Flintoff endured a miserable day with the bat and as captain, but was relieved to send down 10 overs © Getty Images

Andrew Flintoff has said that the heavy 166-run loss in Friday's opening Ashes tour match did not suddenly turn England into a bad side. Flintoff, who scored only a single as his team was drubbed by the Prime Minister's XI in a one-day game in Canberra, said England were far from despondent and would learn from their first experience of Australian conditions.

Flintoff put on a brave face with less than a fortnight to the opening Ashes Test at Brisbane. "We were outplayed by the Prime Minister's XI; they played some good cricket," Flintoff said. "On previous tours we have started slow and we've been beaten in warm-up games and we've bounced back quick."

Flintoff, like England have been doing recently, didn't read too much into the one-day game. "Today was a one-day game and we're not going to get too despondent about it. Next week we have the (three-day) New South Wales game, a longer form, and then we have the South Australia game so we're not despondent about it. We know we have to improve and we'll do that next week before the first Test in Brisbane.

"We had a defeat today. It doesn't turn us into a bad side. We've still got talented players and we're going to express ourselves in the weeks to come."

Three of England's top batsmen - Andrew Strauss (67), Alastair Cook (4) and Kevin Pietersen (7) - were all victims of short-pitched balls, with Shaun Tait in dynamic form to push his Test claims.

"The lads are aware of what happened today," Flintoff said. "Sometimes in one-day cricket you are looking to score runs and you are looking to take the ball on a little bit more and sometimes you play shots you probably wouldn't necessarily do in the longer form of the game. I'm sure the lads would have learned from today. In the dressing room the confidence is fine, the lads are still upbeat and we just have to work hard."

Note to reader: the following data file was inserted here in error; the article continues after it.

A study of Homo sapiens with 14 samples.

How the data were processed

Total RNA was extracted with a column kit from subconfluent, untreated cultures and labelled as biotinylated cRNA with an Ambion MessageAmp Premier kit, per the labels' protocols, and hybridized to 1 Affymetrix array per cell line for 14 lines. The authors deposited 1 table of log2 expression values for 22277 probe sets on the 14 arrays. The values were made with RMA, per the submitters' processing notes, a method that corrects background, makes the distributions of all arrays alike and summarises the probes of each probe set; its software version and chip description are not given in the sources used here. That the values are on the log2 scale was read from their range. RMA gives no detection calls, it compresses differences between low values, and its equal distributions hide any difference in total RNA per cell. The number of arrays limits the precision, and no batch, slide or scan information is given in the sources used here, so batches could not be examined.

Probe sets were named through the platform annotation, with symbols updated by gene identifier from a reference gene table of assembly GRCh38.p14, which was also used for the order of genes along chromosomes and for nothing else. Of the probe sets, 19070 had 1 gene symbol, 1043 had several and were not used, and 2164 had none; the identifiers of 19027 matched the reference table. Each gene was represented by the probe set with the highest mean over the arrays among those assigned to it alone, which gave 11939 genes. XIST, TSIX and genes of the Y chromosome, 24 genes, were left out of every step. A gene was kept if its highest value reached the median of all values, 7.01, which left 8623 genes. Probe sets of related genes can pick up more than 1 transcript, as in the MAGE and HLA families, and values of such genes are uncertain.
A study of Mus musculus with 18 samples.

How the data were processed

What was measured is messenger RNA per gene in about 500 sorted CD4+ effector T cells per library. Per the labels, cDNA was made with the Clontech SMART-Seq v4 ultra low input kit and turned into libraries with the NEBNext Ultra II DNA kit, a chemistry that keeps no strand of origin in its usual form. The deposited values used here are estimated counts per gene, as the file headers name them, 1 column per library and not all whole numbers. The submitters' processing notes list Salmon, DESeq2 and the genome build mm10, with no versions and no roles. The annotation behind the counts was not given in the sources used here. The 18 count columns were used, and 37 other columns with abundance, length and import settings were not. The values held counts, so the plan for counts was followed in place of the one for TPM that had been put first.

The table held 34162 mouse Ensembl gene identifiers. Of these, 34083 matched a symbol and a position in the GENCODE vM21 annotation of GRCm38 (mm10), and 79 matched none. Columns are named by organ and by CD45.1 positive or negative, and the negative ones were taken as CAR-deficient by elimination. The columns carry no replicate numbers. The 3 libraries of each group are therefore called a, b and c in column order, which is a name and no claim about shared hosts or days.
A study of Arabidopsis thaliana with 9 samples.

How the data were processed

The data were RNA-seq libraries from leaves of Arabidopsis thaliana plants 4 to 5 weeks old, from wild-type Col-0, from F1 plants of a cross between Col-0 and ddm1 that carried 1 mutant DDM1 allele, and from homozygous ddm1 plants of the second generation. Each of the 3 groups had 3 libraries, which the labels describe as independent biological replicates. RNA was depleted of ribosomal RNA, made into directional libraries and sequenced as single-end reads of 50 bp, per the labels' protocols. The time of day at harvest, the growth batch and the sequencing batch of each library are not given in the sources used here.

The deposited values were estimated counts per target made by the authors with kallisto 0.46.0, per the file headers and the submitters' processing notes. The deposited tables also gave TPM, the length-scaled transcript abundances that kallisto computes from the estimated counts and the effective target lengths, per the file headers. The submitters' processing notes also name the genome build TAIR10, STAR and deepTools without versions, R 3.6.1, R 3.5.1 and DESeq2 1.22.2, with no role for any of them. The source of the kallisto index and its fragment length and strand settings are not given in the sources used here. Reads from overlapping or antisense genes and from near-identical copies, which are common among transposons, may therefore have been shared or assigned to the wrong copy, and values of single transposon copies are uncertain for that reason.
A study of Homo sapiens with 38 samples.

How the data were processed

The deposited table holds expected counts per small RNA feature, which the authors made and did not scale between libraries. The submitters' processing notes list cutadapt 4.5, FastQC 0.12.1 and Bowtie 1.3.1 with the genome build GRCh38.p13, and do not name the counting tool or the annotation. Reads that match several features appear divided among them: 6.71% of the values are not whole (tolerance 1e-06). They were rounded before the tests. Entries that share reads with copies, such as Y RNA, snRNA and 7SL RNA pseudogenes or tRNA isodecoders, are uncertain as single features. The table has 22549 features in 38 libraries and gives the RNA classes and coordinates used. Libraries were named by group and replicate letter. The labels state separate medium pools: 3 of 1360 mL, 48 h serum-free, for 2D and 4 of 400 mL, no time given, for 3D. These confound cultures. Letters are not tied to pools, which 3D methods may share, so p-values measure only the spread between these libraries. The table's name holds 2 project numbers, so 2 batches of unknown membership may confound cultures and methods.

On a personal front, Flintoff was delighted to have bowled out his 10 overs to fully test his fitness from mid-year ankle surgery. "I was pleased. I got 10 overs under my belt, I started well in three spells, came back strong and the body felt good and my ankle pulled up nicely. So from my personal point I was pleased with my 10 overs," he said.

Cameron White, PM's XI captain, was satisfied with a job well done to help uncover some weaknesses in the England side for the Australian Test team to exploit. "I'm not sure how the defeat will affect them, but I think it might put them under a bit more pressure to perform in their tour games coming up," White said. "We talked about trying to put them on the back foot, so if that helped the Australian team out some way, we would have done our stuff."

Tait, who played down talk of his Test chances, said that based on the evidence of this game Australia had some cause for optimism about the upcoming Ashes series. "There are some (English) guys who don't really play the short ball that well and they are prepared to have a go at it, so we exploited that today and we got three wickets off short balls," Tait said. "The Australian team could look at that and maybe exploit that as well."